This morning our family paused the 'getting ready' routine to watch the beginning of the last flight of the Space Shuttles. Endeavor piggy-backing from Kennedy Space Center to Los Angeles is not quite the Shuttle legacy I would envision (LA, really!?!), but it was special to watch its last take off from Kennedy.
I'm proud that my Aunt Phyllis and Uncle John played roles in the building, launches, and missions of the Shuttle program. It was in fact the last major program in which they were involved at NASA. To see the Shuttle fly off was actually emotional for me. It was a goodbye again to my Uncle and a salute to all of the men and women heroes that led our nation's space program forward to new frontiers.
Space exploration has been one of the biggest economic stimulators over the past 5 decades, and yet, the American people and the politicians are reluctant to fund the program. Our short-sightedness and our concern for today's dollar are appalling and setting back human exploration by decades. Imagine if Spain had said, "You know, Colombus, it was expensive getting there. Let's just keep fighting the Muslims and save our money for more guns and making our people happy." Ironic that the same issues were at play; however, Spain had the courage and foresight to push the envelope. Humanity would never be the same.
After this flight, I wonder, when will we fly again for the stars?
Tuesday, September 11, 2012
For those new to my blog, I like to do what I used to call 'Speedlinks.' These are just some interesting reads around the web.
- Here is a really cool photograph of cubes. This guy takes great pictures at 'The Daily Dose of Imagery.'
- How do you get to be a successful venue attracting millions of people every year? Go away! According to Scott McClellan, the NFL brings us football, gives us a show, and goes away for a few months. The football void brings us back for more! I wonder how this could apply to other businesses or organizations?
- Seth Godin reflects on what it means that we have memories from events and from people we have never personally experienced.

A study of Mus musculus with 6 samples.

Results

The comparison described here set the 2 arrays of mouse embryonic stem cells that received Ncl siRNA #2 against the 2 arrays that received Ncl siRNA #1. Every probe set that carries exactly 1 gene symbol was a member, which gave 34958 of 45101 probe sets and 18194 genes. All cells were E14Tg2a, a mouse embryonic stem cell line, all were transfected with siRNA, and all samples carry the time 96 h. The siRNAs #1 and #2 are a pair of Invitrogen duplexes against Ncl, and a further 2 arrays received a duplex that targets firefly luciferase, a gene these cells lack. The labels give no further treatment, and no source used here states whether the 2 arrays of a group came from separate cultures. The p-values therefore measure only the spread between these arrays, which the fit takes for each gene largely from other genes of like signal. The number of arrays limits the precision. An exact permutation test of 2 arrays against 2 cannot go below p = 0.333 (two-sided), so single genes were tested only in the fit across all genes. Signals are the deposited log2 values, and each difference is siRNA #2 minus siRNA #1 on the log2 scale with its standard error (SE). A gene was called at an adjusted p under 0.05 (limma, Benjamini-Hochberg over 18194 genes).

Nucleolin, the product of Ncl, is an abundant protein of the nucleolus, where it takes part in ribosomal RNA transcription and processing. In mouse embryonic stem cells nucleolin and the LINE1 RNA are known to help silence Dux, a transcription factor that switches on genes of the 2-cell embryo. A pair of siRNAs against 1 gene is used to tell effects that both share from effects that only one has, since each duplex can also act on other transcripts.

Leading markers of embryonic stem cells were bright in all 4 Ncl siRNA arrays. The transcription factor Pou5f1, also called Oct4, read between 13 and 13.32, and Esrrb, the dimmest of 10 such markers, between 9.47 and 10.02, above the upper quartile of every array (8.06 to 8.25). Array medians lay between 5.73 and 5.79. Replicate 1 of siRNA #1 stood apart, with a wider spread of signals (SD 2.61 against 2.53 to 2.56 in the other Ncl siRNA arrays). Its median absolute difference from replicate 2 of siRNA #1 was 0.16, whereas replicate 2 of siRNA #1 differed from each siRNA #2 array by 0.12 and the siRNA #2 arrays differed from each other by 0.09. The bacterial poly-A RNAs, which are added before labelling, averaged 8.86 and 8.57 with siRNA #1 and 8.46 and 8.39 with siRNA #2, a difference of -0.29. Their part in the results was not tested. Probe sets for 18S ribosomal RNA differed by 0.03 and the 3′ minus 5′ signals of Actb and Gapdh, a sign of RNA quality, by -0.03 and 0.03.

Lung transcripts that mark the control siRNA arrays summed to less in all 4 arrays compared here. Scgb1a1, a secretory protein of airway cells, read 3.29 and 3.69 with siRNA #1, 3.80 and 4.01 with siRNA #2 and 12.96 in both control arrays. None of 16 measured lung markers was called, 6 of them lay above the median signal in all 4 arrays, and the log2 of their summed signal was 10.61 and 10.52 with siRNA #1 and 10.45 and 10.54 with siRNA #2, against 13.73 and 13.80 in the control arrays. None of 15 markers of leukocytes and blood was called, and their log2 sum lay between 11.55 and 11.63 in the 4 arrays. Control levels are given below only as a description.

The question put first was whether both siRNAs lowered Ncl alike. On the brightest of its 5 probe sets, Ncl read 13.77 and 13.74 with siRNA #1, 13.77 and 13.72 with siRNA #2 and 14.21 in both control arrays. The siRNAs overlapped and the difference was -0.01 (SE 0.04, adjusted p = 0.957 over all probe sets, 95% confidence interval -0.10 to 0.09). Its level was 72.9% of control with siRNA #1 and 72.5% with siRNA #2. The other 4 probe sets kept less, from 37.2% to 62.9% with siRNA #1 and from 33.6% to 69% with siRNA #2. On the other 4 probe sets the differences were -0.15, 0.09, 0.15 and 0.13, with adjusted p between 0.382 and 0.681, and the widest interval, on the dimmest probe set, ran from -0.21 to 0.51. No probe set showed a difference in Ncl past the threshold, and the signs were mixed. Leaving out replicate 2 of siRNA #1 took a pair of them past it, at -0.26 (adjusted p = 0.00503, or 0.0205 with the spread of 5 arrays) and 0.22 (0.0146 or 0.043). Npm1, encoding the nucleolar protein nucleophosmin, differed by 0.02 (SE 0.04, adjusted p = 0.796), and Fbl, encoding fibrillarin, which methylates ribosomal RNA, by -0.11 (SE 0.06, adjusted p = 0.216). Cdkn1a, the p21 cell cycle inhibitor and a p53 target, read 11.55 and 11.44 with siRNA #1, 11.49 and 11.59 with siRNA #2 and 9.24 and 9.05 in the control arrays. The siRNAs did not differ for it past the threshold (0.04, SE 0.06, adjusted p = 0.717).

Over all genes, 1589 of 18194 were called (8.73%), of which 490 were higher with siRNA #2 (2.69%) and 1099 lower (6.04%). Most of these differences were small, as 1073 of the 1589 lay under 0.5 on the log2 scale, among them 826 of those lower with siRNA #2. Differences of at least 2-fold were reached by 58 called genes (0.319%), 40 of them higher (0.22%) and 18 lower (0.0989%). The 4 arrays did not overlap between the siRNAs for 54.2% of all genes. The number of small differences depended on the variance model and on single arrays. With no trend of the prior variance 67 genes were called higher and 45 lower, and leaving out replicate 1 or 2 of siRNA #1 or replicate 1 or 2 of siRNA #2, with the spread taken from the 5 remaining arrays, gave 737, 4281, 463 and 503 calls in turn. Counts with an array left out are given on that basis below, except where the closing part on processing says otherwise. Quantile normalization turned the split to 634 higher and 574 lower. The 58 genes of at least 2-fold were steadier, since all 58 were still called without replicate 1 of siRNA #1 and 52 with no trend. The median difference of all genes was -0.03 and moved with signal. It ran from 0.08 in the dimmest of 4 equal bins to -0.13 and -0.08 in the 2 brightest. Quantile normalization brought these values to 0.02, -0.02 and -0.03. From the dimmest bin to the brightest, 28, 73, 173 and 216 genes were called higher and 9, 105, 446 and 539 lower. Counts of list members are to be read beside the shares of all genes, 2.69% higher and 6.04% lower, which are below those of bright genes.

- Also from Scott McClellan, here are some thoughts from the "Restoration Fiasco." My two favorite: Good intentions don't justify themselves and It's easy to offer a distorted picture of Jesus.
- Relevant Magazine has a great piece to remember 9/11. My favorite is the story of the woman saying she felt sorry for the young man because "Your generation will have to deal with this." It was an amazingly astute comment in terms of governance. Economy, military, politics, laws, freedoms, and health issues will be DIRECTLY affected by that one day for the next 50-100 years.
- Happiness vs. Holiness? This writer makes a case that we have made Happiness an idol.
- Satirical Christian writer Jon Acuff, wrote a funny piece about interruping Facebook prayer.
Monday, September 10, 2012
The Out of Ur blog posted a great article on worship today. It warned of the 'mountain top' experience trap that many church leaders set up to fail.
I know and agree that science rightly sees many worship experiences as reproducable, emotive events. I think worship leaders have known these things for years before the research was brought to light. However, I do not believe that the 'experience' is therefore wrong; rather, it proves that a strong worship experience does impact human beings in profound ways in regard to mind, heart, and body.
Where the failure lies is the pastoral leadership to follow the 'mountain top' experience with a process of discipleship. Worship CAN BE transformative, but that is not the norm. Unfortunately, many churches plan like like it is always transformative.
The questions we must ask ourselves:
- What do I practice daily in regard to my faith? How am I intentionally trying to grow my own faith?
- How do we connect small groups, mission, outreach, and other discipleship events to Sunday morning worship? In other words, how do we bring the mountain top to the valley!?!
- Are we tracking or evaluating how we are moving people through the process? Worship to Discipleship to Faith in Action?
- What do we not see that we could do better?
After a year long hiatus, I've decided to begin blogging again.
I have had several people ask my why I stopped. Some of the reasons are private, and some are not.
Two reasons that I don't mind sharing: I was too busy with too many things. There's only so much creative juice, and it was being spent elsewhere! The other reason wasn't sure about the future of blogs. I was starting to believe they were on the way out, but now that thought seems premature.
I'm going to write like I did with my first blog. It'll be more of an thought board that I'm allowing others to see and interact with online.